N.Y. Medicaid program to stop reimbursing for preventable errors
As defined by several U.S. quality measurement organizations, never events include surgical errors such as procedures performed on the wrong body part or the wrong patient. In addition to wrong-site surgery and serious medication errors, never events also include complications such as unintentionally leaving a foreign object in a patient or administering incompatible blood. A 1999 study by the Institute of Medicine estimated that as many as 98,000 deaths a year may be attributable to medical errors.
"Patient safety is one of the nation's most pressing health challenges. Many insurers and hospital associations throughout the United States have reported never events voluntarily and adopting policies to heighten awareness about medical errors and to improve efforts to minimize the likelihood of such events,” said Health Commissioner Richard F. Daines, MD.
"Reforming Medicaid's hospital payment system is a key initiative in New York Medicaid,” he added. "Reform isn't solely about balance sheets – quality of care and patient safety are paramount. This policy change will improve the value of Medicaid's payment for hospital patients who receive acute care and provide further incentives for hospitals and clinicians to improve the quality and safety of inpatient care."
Hospitals receiving payment under the N.Y. Medicaid program will be required to provide information on each admission that will designate which complications were present on admission, and which ones occurred during or as a result of hospital care. By working with the hospital and clinical community, this information will help the Medicaid program determine when increased payment for complications will be denied.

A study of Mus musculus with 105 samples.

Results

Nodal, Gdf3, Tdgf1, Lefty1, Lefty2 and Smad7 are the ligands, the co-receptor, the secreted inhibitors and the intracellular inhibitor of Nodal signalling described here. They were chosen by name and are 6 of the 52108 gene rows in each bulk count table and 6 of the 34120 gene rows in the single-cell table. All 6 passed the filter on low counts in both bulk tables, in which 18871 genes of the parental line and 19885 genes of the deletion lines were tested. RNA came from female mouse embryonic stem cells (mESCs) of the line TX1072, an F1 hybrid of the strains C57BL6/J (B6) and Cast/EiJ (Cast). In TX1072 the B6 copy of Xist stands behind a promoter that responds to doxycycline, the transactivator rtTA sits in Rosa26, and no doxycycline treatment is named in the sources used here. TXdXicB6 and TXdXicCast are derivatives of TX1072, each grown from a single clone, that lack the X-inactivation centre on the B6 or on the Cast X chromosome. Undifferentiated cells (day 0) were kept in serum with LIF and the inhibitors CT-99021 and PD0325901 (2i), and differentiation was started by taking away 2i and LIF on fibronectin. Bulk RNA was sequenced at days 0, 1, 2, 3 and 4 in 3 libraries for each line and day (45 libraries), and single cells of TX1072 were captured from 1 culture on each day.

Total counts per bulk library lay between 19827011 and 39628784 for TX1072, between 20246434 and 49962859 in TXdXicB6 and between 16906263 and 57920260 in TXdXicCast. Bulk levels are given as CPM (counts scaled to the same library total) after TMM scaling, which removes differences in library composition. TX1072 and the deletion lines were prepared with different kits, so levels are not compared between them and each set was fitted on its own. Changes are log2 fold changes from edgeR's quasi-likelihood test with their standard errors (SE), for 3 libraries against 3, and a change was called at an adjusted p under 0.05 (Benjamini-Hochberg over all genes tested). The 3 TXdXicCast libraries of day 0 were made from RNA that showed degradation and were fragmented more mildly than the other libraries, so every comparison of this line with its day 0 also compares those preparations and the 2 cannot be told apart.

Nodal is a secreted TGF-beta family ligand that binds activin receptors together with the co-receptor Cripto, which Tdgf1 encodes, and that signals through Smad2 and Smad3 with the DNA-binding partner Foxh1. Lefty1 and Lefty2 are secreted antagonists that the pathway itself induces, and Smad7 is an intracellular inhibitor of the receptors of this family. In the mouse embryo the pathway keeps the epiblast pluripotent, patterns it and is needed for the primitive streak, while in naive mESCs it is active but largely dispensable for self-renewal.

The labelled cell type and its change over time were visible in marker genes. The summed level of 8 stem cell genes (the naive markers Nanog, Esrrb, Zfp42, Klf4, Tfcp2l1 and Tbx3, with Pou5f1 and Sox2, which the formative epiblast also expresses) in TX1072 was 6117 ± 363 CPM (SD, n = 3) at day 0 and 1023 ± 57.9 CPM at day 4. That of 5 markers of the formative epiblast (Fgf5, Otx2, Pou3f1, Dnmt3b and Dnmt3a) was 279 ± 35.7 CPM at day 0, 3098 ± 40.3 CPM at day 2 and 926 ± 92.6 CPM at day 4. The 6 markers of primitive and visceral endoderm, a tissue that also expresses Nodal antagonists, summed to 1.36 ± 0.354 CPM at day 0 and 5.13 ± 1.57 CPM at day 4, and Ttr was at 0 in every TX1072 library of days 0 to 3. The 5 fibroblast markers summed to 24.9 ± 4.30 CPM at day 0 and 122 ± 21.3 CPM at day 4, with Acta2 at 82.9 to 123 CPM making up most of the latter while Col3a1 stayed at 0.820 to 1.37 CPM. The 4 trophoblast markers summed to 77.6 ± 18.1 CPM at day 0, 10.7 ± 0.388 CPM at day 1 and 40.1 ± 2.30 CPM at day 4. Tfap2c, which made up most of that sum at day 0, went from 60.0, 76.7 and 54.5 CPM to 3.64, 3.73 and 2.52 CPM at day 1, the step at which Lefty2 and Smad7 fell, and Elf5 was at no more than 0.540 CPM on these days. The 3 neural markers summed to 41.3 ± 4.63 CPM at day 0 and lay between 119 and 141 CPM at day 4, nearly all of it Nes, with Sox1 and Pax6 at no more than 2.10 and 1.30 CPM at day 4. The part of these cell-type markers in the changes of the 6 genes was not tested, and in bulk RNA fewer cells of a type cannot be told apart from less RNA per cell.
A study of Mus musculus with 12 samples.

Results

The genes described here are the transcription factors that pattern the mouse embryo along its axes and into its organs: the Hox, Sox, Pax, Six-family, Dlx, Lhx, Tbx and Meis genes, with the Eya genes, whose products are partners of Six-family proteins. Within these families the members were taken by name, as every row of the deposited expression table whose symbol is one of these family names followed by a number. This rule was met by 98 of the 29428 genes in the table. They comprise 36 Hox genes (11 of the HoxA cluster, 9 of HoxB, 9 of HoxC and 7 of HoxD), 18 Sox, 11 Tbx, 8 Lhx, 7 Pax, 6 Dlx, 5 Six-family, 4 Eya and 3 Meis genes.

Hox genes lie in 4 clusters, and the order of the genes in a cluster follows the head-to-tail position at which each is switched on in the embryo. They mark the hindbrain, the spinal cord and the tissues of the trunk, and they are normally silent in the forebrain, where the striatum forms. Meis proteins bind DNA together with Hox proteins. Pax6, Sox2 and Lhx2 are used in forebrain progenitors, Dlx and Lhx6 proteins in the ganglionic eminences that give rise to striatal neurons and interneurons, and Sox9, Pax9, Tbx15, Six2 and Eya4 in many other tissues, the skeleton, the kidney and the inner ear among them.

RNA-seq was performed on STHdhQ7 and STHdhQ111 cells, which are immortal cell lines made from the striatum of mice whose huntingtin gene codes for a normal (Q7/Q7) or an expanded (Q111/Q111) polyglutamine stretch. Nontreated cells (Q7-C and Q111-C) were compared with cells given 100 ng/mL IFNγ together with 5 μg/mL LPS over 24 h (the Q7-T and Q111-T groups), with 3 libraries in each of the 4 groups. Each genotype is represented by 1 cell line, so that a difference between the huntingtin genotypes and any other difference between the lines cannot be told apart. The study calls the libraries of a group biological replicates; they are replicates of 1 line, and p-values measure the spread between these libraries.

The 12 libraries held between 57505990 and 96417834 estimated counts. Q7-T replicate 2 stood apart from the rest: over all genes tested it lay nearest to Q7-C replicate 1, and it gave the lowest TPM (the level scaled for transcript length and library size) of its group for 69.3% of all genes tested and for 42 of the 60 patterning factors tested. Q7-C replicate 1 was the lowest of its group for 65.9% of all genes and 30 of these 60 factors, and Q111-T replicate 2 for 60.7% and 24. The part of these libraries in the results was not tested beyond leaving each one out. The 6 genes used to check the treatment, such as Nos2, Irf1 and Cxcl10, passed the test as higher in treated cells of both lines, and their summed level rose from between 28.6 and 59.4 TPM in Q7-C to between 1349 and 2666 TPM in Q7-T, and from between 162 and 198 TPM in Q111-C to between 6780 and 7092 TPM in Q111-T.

The 14 avoidable hospital conditions that the state has identified as non-reimbursable are:
- Surgery performed on the wrong body part;
- Surgery performed on the wrong patient;
- Wrong surgical procedure on a patient;
- Foreign object inadvertently left in patient after surgery;
- Medication error;
- Air embolism;
- Blood incompatibility;
- Patient disability from electric shock;
- Patient disability from use of contaminated drugs;
- Patient disability from wrong function of a device;
- Incidents whereby a line designated for oxygen intended for patient is wrong item or contaminated;
- Patient disability from burns;
- Patient disability from use of restraints or bedrails; and
- Patient disability from failure to identify and treat hyperbilirubinemia (bilirubin in blood) in newborns.
CMS officials in August 2007 announced that effective October 2008, Medicare no longer will reimburse hospitals for the treatment of preventable errors, injuries and infections that occur in the facilities. The eight conditions for which Medicare no longer will reimburse hospitals for treatment include: falls; mediastinitis, an infection that can develop after heart surgery; urinary tract infections that result from improper use of catheters; pressure ulcers; and vascular infections that result from improper use of catheters. In addition, the conditions include three never events: objects left in the body during surgery, air embolisms and blood incompatibility.